Medical student placements in general practice are ‘seriously underfunded’, finds study
The cost of providing undergraduate placements in general practice is considerably more than the funding given, according to a new study.
The research, published in the BJGP, looked at the mean cost per half-day student placement at 50 teaching practices across all 25 medical schools in England.
It found that the costs of providing undergraduate placements in general practice were ‘considerably in excess’ of the funding available for them.
The study said: ‘The costs of undergraduate placements in general practice are considerably greater than funding available at time of writing and broadly comparable with secondary care funding in the same period.
‘The actual cost of placing a medical student full-time in general practice for a 37-week academic year is £40,700 compared with the average payment rate of only £22,000 per year at the time this study was undertaken.’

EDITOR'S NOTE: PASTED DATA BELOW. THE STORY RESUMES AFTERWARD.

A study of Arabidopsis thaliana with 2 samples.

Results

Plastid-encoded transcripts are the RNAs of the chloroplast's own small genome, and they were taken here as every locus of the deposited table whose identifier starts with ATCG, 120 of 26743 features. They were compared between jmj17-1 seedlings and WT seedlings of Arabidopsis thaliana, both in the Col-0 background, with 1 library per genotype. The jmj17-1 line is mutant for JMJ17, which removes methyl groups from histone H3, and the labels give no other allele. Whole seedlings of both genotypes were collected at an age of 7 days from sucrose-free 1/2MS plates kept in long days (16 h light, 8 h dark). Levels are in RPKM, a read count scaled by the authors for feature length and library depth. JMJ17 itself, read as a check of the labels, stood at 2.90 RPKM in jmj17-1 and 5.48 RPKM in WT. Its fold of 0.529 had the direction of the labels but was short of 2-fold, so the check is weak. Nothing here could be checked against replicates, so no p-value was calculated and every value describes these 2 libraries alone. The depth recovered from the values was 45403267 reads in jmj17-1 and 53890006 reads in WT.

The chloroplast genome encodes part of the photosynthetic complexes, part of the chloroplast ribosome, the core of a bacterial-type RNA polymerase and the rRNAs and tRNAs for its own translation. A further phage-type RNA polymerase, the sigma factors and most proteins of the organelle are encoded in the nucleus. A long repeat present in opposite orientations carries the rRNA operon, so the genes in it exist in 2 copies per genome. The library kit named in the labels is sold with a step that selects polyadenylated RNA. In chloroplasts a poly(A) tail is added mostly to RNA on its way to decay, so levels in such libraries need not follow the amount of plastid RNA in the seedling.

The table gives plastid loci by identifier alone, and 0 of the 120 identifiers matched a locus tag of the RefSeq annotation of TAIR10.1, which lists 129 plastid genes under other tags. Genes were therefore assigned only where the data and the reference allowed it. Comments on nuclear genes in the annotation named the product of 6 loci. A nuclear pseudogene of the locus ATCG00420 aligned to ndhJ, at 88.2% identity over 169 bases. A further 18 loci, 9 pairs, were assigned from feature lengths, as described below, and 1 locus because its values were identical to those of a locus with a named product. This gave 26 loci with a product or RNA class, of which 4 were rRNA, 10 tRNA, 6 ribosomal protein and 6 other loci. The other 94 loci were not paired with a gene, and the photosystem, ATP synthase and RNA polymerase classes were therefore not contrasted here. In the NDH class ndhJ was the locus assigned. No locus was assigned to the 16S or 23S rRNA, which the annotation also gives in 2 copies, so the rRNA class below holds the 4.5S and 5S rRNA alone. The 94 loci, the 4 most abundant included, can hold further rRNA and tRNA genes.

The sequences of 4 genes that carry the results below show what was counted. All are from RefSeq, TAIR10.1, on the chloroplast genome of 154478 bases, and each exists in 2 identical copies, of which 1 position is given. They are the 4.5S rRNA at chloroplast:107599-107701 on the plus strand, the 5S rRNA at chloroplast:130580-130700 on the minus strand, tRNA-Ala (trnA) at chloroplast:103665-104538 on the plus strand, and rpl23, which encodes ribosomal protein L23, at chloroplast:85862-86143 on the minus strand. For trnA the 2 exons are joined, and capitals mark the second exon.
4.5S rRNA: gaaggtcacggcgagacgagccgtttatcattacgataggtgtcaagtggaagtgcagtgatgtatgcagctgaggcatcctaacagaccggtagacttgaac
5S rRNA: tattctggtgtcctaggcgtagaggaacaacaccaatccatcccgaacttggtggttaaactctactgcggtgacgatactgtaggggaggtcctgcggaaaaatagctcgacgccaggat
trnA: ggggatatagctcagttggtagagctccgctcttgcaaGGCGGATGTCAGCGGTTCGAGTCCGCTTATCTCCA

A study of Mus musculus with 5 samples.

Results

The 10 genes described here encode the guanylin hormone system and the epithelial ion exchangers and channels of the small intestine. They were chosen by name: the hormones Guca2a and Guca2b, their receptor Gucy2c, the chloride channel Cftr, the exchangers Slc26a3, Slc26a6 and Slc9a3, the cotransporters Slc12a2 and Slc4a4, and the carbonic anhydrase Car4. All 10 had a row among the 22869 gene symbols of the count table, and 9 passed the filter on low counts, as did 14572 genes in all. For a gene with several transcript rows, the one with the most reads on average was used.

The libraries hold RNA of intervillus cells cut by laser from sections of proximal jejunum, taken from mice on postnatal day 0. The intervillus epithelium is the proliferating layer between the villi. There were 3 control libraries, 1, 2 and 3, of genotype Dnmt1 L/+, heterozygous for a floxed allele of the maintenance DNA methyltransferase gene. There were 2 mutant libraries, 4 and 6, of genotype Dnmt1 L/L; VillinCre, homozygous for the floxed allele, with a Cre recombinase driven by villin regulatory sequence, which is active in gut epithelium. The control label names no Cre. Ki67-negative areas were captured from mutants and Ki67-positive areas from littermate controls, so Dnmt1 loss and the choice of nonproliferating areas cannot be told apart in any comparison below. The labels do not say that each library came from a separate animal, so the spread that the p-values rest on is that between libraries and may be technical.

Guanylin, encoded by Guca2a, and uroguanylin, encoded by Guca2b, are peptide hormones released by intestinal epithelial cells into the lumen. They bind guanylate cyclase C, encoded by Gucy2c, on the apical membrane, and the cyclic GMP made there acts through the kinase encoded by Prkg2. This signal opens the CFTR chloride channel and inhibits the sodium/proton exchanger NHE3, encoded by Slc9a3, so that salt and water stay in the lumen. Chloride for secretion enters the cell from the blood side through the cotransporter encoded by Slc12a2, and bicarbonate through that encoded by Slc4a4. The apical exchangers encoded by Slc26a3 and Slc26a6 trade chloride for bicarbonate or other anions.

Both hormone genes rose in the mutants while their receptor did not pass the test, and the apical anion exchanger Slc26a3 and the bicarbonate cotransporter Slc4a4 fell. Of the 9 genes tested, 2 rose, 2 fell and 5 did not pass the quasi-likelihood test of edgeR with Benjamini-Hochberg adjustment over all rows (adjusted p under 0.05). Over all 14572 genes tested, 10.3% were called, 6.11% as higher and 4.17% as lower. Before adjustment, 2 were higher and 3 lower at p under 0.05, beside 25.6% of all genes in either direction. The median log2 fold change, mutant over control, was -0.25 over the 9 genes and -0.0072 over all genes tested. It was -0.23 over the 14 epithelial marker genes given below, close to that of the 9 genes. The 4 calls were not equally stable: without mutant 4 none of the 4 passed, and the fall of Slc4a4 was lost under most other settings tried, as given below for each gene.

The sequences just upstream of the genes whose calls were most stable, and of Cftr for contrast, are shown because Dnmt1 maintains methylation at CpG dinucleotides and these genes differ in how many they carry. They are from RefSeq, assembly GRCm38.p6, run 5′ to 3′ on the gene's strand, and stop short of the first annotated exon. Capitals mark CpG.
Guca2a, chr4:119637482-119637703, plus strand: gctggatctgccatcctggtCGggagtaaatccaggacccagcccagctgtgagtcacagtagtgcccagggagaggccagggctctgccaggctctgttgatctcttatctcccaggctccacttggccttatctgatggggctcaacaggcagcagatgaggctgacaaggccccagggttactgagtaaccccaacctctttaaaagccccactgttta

Author of the study, Joe Rosenthal, said: ‘NHS general practices are really struggling to find the time and space to provide medical students with the authentic clinical experience they badly need.
‘This study confirms that the funding currently available to GP undergraduate placement providers is far below the cost to the practice, and also far below the payment available to hospital placement providers. A more realistic and equitable tariff for primary care education funding is needed as a matter of urgency.’
Professor Helen Stokes-Lampard, chair of the RCGP said: 'It is unacceptable that despite our persistent calls for change and the desperate need for more family doctors, undergraduate general practice teaching continues to be severely under-resourced.
'This research highlights that GP practices which offer undergraduate teaching currently receive over 40% less in funding on average than the actual costs, and around 40% less than is available to their secondary care equivalents. This is simply not sustainable, especially at a time when we need to encourage a new generation of family doctors into the NHS and plug a major workforce gap.'
It follows calls that the extra funding for primary care falls short of what is needed to ensure good provision of patient care, according to NHS England’s clinical advisor.